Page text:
Getting Your Attention / Part I

Quick. Check your pockets and your purse. Take a look all around you. Check under the cushions and retrace your steps, because something very valuable is being stolen from you.

It’s not your wallet or your phone, your credit cards or your identity. It’s something worth even more than that. It’s your attention, and it’s being taken from you all the time.

Few things matter more than your attention. It holds the power to unlock your potential. It can be the source of your success at work and the key ingredient to great relationships. Yet, distractions are working around the clock to steal your attention away from you, along with your time and energy.

And they’re doing a pretty good job.


We live in a distracting place, but you can learn to take your most valuable resource back. By intentionally putting a few strategies in place, you can separate yourself from the competition and enrich your life along the way. You can reclaim your time, energy, and focus and put them towards the things that matter most.

Steal back your attention. After all, it belongs to you.

Starting today, every Tuesday we’ll be introducing several suggestions for how to more effectively and fruitfully manage your time.

1. Meet in Motion
Are you struggling to focus or find your creativity? The problem may be the calm before your brainstorm. Research shows that physical activity before or during mental work actually increases helpful brain cells. The best answer to “writer’s block” can be a “runner’s high”, or just a simple walk outside. Try this: rather than meeting in the conference room, start meeting on the sidewalk.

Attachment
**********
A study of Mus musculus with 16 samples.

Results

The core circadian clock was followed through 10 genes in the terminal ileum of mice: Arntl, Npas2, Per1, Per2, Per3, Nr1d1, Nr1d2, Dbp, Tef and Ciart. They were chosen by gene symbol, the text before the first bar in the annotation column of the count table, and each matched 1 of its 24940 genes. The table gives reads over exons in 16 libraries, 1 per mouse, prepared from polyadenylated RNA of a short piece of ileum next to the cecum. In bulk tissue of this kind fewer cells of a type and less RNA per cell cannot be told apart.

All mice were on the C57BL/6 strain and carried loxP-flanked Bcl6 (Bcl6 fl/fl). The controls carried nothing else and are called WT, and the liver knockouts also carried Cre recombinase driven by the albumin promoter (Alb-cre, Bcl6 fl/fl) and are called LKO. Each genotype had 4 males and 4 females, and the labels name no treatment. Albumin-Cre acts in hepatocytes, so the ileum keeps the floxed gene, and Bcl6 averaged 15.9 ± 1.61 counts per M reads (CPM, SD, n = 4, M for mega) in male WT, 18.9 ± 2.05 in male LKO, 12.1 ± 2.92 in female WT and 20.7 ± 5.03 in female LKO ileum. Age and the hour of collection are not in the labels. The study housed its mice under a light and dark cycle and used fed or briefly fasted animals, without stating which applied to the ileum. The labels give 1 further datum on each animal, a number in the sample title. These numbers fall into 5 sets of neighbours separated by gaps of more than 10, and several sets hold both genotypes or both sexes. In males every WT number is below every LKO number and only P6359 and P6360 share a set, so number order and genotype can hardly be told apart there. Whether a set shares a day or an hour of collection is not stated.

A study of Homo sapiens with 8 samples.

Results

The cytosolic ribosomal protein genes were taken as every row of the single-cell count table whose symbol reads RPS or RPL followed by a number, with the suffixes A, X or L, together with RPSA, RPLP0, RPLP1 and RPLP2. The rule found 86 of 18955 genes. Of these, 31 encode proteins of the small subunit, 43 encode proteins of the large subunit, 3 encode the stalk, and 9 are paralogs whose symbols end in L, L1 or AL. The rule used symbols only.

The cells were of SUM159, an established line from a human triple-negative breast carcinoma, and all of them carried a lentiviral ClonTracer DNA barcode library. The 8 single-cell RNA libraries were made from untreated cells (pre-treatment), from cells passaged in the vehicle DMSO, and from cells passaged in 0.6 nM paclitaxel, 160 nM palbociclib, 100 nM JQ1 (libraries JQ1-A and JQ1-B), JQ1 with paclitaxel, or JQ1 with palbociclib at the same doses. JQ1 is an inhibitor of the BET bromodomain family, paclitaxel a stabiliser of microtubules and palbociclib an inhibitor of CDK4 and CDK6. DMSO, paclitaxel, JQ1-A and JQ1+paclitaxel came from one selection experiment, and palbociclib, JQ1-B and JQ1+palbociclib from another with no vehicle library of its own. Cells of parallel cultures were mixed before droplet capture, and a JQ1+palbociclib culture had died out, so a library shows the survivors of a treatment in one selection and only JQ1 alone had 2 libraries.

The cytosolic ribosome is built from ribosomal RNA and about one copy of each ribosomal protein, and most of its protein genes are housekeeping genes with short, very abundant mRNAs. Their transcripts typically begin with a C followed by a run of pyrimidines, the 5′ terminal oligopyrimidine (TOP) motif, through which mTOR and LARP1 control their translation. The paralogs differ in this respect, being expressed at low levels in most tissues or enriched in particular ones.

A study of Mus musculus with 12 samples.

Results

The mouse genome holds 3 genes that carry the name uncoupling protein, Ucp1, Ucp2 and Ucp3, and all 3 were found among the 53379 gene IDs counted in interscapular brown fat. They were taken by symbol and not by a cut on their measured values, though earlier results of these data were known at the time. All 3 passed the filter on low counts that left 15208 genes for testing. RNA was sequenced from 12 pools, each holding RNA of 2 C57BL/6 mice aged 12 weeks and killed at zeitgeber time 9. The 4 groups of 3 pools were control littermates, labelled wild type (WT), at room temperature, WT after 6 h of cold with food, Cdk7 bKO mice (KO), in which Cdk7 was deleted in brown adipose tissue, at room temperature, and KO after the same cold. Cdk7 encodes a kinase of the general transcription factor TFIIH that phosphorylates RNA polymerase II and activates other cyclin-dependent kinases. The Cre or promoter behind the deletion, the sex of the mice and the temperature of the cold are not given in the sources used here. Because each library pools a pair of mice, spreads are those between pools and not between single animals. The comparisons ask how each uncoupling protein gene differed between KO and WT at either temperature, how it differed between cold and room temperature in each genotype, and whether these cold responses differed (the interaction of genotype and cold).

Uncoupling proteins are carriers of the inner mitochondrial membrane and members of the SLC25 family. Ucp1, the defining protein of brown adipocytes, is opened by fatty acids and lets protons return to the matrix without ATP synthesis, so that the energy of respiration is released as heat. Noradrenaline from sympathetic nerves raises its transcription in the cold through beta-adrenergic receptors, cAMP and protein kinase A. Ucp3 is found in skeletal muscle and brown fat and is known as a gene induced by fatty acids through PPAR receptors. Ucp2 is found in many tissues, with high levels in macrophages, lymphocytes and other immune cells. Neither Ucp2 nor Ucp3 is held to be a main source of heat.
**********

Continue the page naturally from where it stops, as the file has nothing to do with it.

2. Can’t Finish? Try Starting
The best way to finish something you don’t want to do is to start. Your emotional state doesn’t have to determine your behavior. Don’t feel like working out? Big whoop. Your feelings are fair weather friends, anyways. Once you start something unpleasant, feelings will fall in line. It’s amazing how much freedom comes from realizing this simple reality.

3. Stop the Emotional Mutiny
Everything was going smoothly until you got blindsided by something unpleasant and now you can’t get anything done. Few things can take your entire day hostage like negative emotions, but there’s good news. Before bad emotions rob you of your focus, you have the power to disarm them. How you interpret a situation and emotionally respond to it is up to you. When things are unraveling, stop, disarm your bad emotion, and reframe things positively. ‘I’m not angry with this person who cut me off; it just woke me up to pay more attention. Thank you decidedly-below-average-driver.’ 

How do you fight distraction?

Image via Nicole Priest 

Curt loves attention. More specifically, he loves understanding attention. How it works. Why it matters. How to get it. As someone who personally deals with ADD, he overcame the unique distractions that today’s technology creates to start a Communications Consultancy, The Promentum Group and Speakers Bureau, Promentum Speakers, both of which he runs today. Curt’s expertise and communication style has led to more than 75 speaking engagements in the last year to organizations such as GM, Raytheon, Naval Academy, Cadillac, and World Presidents’ Organization.

2 COMMENTS
  • Barbara August 5, 2014

    I’m glad to find that you have this series on your magazine. I’m finding that distractions are more and more prevalent and I end up longing for the time when technology wasn’t so social. However, I love the tool that the internet is. I can learn so much from a simple web search.

    I try to fight distraction by having a clear list of things that need completing. If I have a list, I can better stay on task and then reward myself with surfing the web or meandering through pinterest.

  • Amber W July 2, 2014

    Running and yoga definitely get my creative and motivational juices flowing. Without daily exercise, my brain is just on auto-pilot.